There was once a time in America when it was not all that uncommon for people to purchase a new or used car with cash. Today, it has become almost impossible for someone to use paper money to buy any type of powered vehicle. Most people would blame inflation for making cash impractical for large transactions. The average cost of a car has gone from $3,000 in 1970, to the current average of $35,000.
The real reason you can’t use cash is because the government has been slowly clamping down on the availability of large notes. Right now, the highest denomination produced by the Department of Treasury is a $100 bill. There was a time when banks had available $500, $1,000, $5,000, and $10,000 notes. In 1800s, there were a variety of thousand dollar notes in circulation.
I have a friend who deals with rare currency and he told me all large notes are now worth more than their face value. He said the most common $500 note is worth around $750 and the $1,000 note is worth around $1900. The $5,000 notes were printed in very limited quantity, so many of them are now worth more than $50,000. The $10,000 note has been valued as high as $125,000.
The standard explanation for why the government has retired large notes is the need to control the illegal drug trade, money laundering, and even terrorist activity. The true motivation has everything to do with taxation. Washington is in desperate need of money, and it wants to make sure your stash is within grasp.
The government also wants to be able to prevent your money from leaving the country. This need has become a reality in France; a country with an insanely high tax rate. French Finance Minister Michel Sapin brazenly stated that it was necessary to “fight against the use of cash and anonymity in the French economy.”
The French have recently implemented several measures to restrict the use of cash:
Residents can only make cash payments of more than 1,000 euros, down from the previous limit of 3,000 euros.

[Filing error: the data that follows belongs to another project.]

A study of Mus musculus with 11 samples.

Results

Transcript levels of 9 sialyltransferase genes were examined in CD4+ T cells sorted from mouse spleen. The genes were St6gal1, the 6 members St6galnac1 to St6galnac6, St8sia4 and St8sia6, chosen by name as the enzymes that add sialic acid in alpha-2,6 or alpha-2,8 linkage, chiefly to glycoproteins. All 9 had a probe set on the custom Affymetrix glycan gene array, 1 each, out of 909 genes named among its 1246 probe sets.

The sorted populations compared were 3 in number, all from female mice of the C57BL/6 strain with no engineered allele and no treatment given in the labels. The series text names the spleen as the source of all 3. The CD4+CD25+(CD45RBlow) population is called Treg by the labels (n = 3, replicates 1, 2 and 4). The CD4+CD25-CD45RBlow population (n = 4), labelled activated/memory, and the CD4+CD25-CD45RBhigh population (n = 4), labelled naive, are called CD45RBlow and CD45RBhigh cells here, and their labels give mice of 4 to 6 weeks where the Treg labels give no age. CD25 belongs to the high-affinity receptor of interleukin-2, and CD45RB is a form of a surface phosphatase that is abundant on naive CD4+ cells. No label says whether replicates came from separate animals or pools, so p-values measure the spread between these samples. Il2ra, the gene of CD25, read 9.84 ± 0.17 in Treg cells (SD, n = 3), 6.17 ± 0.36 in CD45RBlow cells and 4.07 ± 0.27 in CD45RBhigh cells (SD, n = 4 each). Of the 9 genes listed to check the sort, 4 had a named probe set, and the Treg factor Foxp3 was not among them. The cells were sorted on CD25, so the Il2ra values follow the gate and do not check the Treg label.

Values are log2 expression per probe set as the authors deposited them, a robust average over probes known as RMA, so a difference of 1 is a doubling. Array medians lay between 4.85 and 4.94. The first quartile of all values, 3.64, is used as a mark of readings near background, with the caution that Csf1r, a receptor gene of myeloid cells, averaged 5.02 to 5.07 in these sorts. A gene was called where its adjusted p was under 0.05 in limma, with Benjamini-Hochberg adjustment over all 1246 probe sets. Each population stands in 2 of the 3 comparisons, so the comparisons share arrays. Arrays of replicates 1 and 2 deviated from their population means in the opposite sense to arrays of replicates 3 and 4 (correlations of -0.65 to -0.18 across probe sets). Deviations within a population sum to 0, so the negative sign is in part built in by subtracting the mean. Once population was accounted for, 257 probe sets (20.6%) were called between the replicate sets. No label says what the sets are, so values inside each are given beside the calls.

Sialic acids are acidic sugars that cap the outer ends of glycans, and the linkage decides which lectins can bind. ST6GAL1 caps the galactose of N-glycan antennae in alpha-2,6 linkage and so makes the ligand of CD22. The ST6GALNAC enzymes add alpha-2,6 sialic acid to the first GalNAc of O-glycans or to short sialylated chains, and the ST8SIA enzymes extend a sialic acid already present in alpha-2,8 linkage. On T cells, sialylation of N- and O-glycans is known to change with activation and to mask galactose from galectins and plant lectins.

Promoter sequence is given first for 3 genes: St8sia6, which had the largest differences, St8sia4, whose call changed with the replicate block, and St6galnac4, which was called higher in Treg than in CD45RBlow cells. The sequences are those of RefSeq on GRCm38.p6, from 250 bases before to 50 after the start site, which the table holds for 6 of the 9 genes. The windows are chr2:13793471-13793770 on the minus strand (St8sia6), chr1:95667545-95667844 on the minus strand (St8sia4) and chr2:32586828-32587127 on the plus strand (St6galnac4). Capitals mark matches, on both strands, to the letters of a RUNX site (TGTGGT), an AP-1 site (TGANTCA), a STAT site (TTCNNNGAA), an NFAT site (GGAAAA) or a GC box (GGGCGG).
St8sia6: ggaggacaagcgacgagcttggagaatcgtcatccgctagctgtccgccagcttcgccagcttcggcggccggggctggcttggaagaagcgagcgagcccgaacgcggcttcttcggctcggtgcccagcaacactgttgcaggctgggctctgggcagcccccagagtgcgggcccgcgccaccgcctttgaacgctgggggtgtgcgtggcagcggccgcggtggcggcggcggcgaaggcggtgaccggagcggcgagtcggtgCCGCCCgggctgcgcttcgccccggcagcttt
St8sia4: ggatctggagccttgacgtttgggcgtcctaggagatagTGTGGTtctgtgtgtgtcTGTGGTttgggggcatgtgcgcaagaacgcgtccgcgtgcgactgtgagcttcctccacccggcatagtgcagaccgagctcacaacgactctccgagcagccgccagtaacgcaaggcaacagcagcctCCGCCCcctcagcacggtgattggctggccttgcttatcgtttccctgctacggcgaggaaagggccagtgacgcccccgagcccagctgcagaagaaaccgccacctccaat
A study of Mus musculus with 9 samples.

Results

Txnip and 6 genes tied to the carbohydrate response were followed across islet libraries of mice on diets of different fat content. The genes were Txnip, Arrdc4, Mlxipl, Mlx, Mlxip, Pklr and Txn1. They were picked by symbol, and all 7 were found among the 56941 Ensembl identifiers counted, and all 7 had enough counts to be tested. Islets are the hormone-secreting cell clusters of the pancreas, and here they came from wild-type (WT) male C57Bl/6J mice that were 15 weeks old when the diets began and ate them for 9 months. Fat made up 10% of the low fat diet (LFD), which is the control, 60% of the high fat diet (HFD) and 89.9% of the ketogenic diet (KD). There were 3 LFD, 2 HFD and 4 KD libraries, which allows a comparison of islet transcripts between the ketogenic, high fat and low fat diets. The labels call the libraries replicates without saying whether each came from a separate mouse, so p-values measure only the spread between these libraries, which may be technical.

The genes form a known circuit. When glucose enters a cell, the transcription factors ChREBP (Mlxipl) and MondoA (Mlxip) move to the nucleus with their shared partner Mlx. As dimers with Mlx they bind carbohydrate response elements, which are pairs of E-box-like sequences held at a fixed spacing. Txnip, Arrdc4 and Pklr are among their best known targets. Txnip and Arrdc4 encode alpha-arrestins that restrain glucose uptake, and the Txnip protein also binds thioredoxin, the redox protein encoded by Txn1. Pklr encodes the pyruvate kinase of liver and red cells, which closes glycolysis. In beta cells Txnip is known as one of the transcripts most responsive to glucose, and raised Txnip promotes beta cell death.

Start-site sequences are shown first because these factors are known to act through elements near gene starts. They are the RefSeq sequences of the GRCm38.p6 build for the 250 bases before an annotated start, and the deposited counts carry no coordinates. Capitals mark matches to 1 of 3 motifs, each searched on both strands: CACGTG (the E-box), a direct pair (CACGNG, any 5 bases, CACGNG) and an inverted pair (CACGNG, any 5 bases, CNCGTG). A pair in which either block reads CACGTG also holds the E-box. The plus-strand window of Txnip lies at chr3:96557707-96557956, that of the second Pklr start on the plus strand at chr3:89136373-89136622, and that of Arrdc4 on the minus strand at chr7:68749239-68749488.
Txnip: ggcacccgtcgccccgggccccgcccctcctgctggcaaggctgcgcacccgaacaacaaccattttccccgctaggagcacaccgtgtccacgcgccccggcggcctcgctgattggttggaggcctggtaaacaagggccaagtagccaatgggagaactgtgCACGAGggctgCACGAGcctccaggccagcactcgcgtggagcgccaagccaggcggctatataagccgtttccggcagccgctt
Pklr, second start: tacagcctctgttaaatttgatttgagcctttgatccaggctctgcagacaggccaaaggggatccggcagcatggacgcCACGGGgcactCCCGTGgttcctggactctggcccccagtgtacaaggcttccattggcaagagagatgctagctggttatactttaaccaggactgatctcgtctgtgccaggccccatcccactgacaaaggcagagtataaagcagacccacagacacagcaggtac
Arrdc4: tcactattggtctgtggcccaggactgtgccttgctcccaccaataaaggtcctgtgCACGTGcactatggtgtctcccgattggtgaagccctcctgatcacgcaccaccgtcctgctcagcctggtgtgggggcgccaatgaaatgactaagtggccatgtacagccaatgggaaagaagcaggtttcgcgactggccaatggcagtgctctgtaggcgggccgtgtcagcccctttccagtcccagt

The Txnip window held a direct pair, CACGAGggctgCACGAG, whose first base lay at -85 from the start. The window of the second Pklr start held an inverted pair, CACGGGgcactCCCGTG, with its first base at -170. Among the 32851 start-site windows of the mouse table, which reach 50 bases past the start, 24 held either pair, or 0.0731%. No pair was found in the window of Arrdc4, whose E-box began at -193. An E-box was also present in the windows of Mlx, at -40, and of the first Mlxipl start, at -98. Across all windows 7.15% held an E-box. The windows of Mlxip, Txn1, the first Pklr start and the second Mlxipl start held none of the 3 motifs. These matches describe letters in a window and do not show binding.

Foreign tourists can only receive payments of 10,000 euros, down from the previous limit of 15,000 euros.
Any cash deposit or withdrawal of more than 10,000 euros during a single month will be reported to the French anti-fraud and money laundering agency—Tracfin.
Any freight transfers within the EU exceeding a value of 10,000 euros must be reported to French authorities.
With Greece struggling to avoid bankruptcy, it too has taken on draconian measures designed to target cash. The central government has set-up capital controls by raiding pension funds, it has confiscated the funds of local government cash, and has enacted surcharges on all cash withdrawals.
The U.S. federal government is just as broke as most other nations, but it has managed to avoid financial calamity by maintaining an “all is well” front. Behind the happy smiles is a growing plan by regulators to tighten their grip on cash. Anyone who engages in a cash transaction over $10,000 runs the risk of generating a suspicious activity reports (SAR). The Homeland Security Act requires all banks to monitor the activity of its customers.
We’ve reached a very slippery slope by allowing Big Brother to snoop into our bank accounts. If you give the feds partial access to your personal information, they will find a justification for gaining full access. The Justice Department is already saying it wants financial institutions to look at smaller transaction that may be connected to nefarious activity.
It would be nice to know if someone wrote a $200 check to a known drug dealer. If it means turning the country into a police state, the price for that useful information is too high.
The day may soon come when people trying to make cash withdrawals are asked to explain why they need their money. There have been a few cases where people’s bank accounts have been taken over by the feds, but these are based on the suspicion of criminal activity. Once we become a Greece or France, it’s very difficult to reverse the process.
The ultimate goal of the government is to get rid of all cash. Under a 100% electronic system, there is no place to hide from federal oversight. The average citizen fails to see the danger that comes with losing our financial sovereignty. If Adolf Hitler had the technology we have today, he could have used it against the French underground, the Jews that were hiding from him, and all those who plotted his downfall.
Man now has all the technology needed to establish a global, cashless community. At this stage, the only thing really missing is the political will to set the Mark of the Beast into motion.
“And he causeth all, both small and great, rich and poor, free and bond, to receive a mark in their right hand, or in their foreheads: And that no man might buy or sell, save he that had the mark, or the name of the beast, or the number of his name” (Rev. 13:16-17).